The Hartford got a welcome $987 million boost to capital Thursday as Connecticut regulators eased up on some rules, but other financial news about the company discouraged investors and drove the stock down 7.6 percent.
Connecticut Insurance Commissioner Thomas R. Sullivan, a former executive for a unit of The Hartford, granted the company's request for relief on two financial requirements. The result is an increase in capital of the life insurance operations, effective Dec. 31, 2008.
The decision "will provide The Hartford with added financial flexibility while ensuring that the company is appropriately capitalized for its customer commitments during this challenging economic period, " said Shannon Lapierre, spokeswoman for The Hartford Financial Services Group.
The capital relief comes on the heels of heavy investment losses, trouble in the variable annuity business, hundreds of job cuts and an overall $2.7 billion net loss for 2008. The company's credit and financial strength ratings have been downgraded in the past week.
In one more piece of bad news, The Hartford disclosed Thursday that because of downgraded ratings, it's no longer eligible for a federal program that buys short-term debt.
The Hartford borrowed $375 million under that program, created last year when credit markets froze up. Now the company will have to repay the debt from "existing sources of liquidity" as it matures instead of rolling it over, The Hartford said in an annual federal filing.
The Hartford's stock fell $1.04 to close at $12.54 a share Thursday.
Two consumer advocates have questioned whether Sullivan should have recused himself from considering the company's capital relief request. J. Robert Hunter, director of insurance for the Consumer Federation of America, and Birny Birnbaum, executive director of the Center for Economic Justice, raised the issue and others in e-mails to Sullivan this week.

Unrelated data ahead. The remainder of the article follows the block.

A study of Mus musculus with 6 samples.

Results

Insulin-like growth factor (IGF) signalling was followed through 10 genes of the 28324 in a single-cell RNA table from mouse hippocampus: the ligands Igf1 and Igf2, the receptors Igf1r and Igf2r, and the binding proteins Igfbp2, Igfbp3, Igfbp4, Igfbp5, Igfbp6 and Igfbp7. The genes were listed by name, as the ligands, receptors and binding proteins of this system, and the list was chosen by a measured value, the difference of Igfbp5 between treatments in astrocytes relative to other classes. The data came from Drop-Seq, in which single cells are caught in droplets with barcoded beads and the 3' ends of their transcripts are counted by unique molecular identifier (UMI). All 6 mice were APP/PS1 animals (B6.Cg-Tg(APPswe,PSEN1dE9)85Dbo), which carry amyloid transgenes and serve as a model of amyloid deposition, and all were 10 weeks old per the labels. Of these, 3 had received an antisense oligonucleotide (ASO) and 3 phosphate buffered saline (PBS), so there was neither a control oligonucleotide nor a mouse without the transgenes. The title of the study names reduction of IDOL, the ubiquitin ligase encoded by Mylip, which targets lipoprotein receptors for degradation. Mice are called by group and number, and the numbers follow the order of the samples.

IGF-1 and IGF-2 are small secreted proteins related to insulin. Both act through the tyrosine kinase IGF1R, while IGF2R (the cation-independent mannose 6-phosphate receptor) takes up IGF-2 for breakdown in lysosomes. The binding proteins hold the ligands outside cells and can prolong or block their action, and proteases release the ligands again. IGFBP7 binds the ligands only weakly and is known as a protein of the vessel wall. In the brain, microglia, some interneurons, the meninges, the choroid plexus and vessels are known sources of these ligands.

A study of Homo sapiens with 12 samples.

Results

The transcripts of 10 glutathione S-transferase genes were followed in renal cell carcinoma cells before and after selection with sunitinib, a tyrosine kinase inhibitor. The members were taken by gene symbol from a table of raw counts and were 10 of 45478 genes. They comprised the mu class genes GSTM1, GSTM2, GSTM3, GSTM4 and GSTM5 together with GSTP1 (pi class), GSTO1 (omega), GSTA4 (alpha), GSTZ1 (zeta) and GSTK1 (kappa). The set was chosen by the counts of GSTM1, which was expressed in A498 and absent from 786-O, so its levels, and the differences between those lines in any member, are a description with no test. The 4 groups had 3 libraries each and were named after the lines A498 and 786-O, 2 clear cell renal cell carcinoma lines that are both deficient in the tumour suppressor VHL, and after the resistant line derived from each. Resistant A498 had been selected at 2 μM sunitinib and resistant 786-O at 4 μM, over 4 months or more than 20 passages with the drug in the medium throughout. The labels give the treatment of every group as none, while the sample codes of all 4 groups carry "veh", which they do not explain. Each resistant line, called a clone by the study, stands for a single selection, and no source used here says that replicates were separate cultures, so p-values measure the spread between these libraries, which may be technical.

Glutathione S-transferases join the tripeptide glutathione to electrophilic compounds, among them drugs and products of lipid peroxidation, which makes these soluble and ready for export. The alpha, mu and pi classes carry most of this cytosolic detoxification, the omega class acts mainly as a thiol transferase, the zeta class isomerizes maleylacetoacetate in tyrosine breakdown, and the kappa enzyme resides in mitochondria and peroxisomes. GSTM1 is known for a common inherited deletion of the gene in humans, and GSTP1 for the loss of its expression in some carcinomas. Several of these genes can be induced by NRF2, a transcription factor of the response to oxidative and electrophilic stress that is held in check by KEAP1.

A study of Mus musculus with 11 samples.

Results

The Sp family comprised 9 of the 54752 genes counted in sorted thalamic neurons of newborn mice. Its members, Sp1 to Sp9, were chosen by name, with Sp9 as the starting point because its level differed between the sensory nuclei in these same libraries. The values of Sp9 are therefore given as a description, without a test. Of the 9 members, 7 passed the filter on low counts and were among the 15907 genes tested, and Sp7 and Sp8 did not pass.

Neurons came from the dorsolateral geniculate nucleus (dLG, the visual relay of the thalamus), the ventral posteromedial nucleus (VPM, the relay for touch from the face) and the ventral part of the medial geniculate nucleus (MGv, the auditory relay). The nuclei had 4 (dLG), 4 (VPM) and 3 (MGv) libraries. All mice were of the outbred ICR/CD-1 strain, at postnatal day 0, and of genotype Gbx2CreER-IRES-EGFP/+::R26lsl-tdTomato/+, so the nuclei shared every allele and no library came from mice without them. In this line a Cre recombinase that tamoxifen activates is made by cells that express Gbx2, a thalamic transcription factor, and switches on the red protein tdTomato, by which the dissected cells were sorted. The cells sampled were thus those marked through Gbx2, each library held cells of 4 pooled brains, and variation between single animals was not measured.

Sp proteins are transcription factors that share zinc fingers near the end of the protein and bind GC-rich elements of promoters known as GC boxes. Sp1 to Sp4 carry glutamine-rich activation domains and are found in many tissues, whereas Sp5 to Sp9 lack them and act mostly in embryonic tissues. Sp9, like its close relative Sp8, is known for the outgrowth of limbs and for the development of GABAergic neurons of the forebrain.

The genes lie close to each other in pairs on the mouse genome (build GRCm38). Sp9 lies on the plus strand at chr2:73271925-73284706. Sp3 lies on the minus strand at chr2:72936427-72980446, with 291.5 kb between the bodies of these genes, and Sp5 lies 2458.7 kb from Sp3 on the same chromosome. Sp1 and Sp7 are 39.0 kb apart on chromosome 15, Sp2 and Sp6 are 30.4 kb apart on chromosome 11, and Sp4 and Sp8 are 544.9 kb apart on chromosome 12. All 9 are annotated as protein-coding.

Sullivan said Thursday it has been nearly two years since he left The Hartford and that he has no financial interest in the company, having divested stock and decided to forgo deferred compensation. Sullivan said he consulted his general counsel, but not the state ethics commission, and believes he has no conflict.
"I fail to recognize there being a hint or scintilla of anything there," he told The Courant.
Meanwhile, company officials tried to dispel an impression some employees received from a meeting with management this week that The Hartford might reject federal bailout funds if granted because of restrictions on executive compensation.
"We will do what I believe is right for our shareholders," CEO Ramani Ayer told The Courant Thursday. "My first job is to shareholders. My second job is to my customers. My third job is to my people."
He said The Hartford, which is seeking up to $3.4 billion in federal bailout funds, views the program as "a prudent source of capital" given the bleak economic outlook.
Reprinted with permission of the Hartford Courant.